By Neaman LerhmariRabat - Taxpayers are the bread and the butter of the government. In a developing economy like Morocco, they provide the resources to run the social programs and to ensure the smooth working of administrations and government facilities. However, a large, growing category of lucky taxpayers are being absolved of paying, leaving the less fortunate compensate for the shortfall.
By Neaman Lerhmari
Rabat – Taxpayers are the bread and the butter of the government. In a developing economy like Morocco, they provide the resources to run the social programs and to ensure the smooth working of administrations and government facilities. However, a large, growing category of lucky taxpayers are being absolved of paying, leaving the less fortunate compensate for the shortfall.
“Who bears the tax burden the most in Morocco?” wonders the Moroccan daily Assabah, who provided eye-opening figures and facts on its December 1 edition about the taxation policy in the Kingdom.
The Moroccan tax regime relies on two segments: indirect taxes (domestic and external value added taxes, customs…) and direct taxes. Private and public sector employees alone provide 75 percent of the tac revenue, with an uneven contribution: private sector employees generated a total of MAD 22.4 billion, while the public sector employees paid MAD 6.7 billion. Doctors, lawyers, accountants and other liberal professions paid only MAD 3.6 billion.
Similar gaps are brought to light when it comes to companies, since the Tax Directorate indicated that 35 companies pay up to a third of corporate tax incomes.
Misguided tax exonerations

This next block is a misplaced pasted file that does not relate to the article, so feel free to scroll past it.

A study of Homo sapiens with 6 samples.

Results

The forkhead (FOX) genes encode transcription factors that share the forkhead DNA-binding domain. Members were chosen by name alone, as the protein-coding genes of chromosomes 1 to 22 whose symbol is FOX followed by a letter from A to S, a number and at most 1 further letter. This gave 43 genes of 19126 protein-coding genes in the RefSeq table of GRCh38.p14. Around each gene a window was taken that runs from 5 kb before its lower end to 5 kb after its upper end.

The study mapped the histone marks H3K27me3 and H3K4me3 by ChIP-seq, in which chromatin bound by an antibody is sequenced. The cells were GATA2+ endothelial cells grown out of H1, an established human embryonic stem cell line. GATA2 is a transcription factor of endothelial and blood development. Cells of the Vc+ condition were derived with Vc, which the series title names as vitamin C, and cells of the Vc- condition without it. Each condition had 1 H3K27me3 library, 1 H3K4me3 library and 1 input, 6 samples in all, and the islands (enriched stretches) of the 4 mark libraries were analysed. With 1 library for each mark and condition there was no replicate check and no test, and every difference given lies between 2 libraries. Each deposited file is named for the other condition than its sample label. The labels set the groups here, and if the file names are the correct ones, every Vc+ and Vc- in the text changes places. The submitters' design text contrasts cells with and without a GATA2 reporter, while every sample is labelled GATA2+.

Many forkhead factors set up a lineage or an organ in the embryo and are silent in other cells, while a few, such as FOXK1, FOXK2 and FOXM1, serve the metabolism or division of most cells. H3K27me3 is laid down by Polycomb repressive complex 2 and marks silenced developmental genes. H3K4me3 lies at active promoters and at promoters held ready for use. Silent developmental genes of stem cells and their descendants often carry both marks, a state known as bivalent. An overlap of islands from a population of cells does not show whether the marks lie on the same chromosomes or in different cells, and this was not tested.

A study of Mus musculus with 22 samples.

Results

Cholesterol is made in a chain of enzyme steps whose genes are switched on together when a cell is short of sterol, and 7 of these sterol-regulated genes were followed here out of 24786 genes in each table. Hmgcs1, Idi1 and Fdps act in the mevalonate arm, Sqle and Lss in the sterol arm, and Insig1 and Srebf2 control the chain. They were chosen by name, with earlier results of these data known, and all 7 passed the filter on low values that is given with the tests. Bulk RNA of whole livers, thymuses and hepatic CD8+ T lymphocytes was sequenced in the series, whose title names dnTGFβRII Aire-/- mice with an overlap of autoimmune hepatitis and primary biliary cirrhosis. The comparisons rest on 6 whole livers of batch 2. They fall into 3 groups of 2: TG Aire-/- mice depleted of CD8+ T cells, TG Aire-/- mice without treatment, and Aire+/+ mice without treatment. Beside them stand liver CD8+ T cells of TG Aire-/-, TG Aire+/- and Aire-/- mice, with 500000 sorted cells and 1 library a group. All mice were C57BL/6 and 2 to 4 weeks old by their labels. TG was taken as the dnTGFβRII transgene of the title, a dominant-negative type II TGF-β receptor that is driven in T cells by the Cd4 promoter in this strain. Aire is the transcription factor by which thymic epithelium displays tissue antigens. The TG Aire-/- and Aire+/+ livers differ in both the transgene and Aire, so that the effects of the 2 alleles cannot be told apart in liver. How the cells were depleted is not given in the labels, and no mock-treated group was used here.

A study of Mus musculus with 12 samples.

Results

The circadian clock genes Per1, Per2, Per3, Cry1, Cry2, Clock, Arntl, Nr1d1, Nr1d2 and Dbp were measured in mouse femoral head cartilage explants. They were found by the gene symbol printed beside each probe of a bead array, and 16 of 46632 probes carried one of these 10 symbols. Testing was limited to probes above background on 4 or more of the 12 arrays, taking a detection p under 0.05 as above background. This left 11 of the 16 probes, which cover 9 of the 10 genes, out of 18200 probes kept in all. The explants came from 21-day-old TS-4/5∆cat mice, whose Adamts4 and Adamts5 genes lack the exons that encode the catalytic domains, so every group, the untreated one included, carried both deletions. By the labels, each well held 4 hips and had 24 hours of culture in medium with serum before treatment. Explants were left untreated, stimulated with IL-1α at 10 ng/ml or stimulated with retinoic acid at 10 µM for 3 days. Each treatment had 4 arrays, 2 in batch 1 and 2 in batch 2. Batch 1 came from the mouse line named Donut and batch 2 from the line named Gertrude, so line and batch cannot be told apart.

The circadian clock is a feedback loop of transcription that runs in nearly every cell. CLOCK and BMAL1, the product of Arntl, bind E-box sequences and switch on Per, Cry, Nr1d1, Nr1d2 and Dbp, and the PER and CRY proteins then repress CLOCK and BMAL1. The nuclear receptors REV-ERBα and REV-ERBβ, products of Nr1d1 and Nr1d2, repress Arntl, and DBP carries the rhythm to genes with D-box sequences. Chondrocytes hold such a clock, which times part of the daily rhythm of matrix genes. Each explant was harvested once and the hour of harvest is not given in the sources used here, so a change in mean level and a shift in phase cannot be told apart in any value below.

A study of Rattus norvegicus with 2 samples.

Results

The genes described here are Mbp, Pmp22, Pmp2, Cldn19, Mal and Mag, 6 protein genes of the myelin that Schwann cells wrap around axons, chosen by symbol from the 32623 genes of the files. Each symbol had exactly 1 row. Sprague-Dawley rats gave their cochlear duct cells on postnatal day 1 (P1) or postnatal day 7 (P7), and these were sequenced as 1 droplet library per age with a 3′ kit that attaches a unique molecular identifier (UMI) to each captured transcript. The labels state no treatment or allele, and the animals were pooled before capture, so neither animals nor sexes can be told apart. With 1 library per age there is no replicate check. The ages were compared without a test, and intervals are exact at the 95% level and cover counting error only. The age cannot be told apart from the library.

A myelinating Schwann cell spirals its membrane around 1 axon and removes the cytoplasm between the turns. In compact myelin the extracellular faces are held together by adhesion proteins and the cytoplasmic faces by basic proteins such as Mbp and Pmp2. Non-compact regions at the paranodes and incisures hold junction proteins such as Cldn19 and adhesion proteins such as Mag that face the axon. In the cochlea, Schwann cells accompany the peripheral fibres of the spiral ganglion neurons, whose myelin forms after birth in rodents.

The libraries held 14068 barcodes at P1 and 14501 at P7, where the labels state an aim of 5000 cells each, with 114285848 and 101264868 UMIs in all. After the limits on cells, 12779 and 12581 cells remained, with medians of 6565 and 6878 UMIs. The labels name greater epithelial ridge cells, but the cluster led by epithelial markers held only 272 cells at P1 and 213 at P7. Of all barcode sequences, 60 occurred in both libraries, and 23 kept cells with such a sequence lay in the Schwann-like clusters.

The Tax Directorate granted MAD 33.4 billion in tax exemption in 2017, revealed The Court of Auditors in a report on the Ministry of Finance. The grant benefits to companies from various sectors, outside of any legal framework. In fact, the line ministry has not set a clear definition of the exemption policy, and there is no mention of the criteria necessary to benefit from the exemption.
The Court of Auditors expressed their concerns about the tax exemptions, which are raising year after year, as the Ministry of Finance hasn’t set any plans to review the said waivers nor to assess their efficiency.
Articles 39 and 40 of the Moroccan Constitution stipulates that everyone, depending on their abilities, has to provide for the public expenses that can only be fixed and distributed by the law. The exemptions are not necessarily against the law, since they can play an instrumental role in reviving and stimulating the economy. However, the Tax Directorate hasn’t set any policy to manage the waivers or the policies they are supposed to fulfill.
According to the Assabah, not only the tax exemptions are not based on an economic rationale, but they benefit just a lucky few. The International Monetary Fund did not fail to criticize Morocco’s growing tax exemptions, stating that “they usually benefit to highly paid individuals”. Forty percent of the exemptions, according to the IMF, benefit to high-income groups, while only 10 percent go to disadvantaged social groups.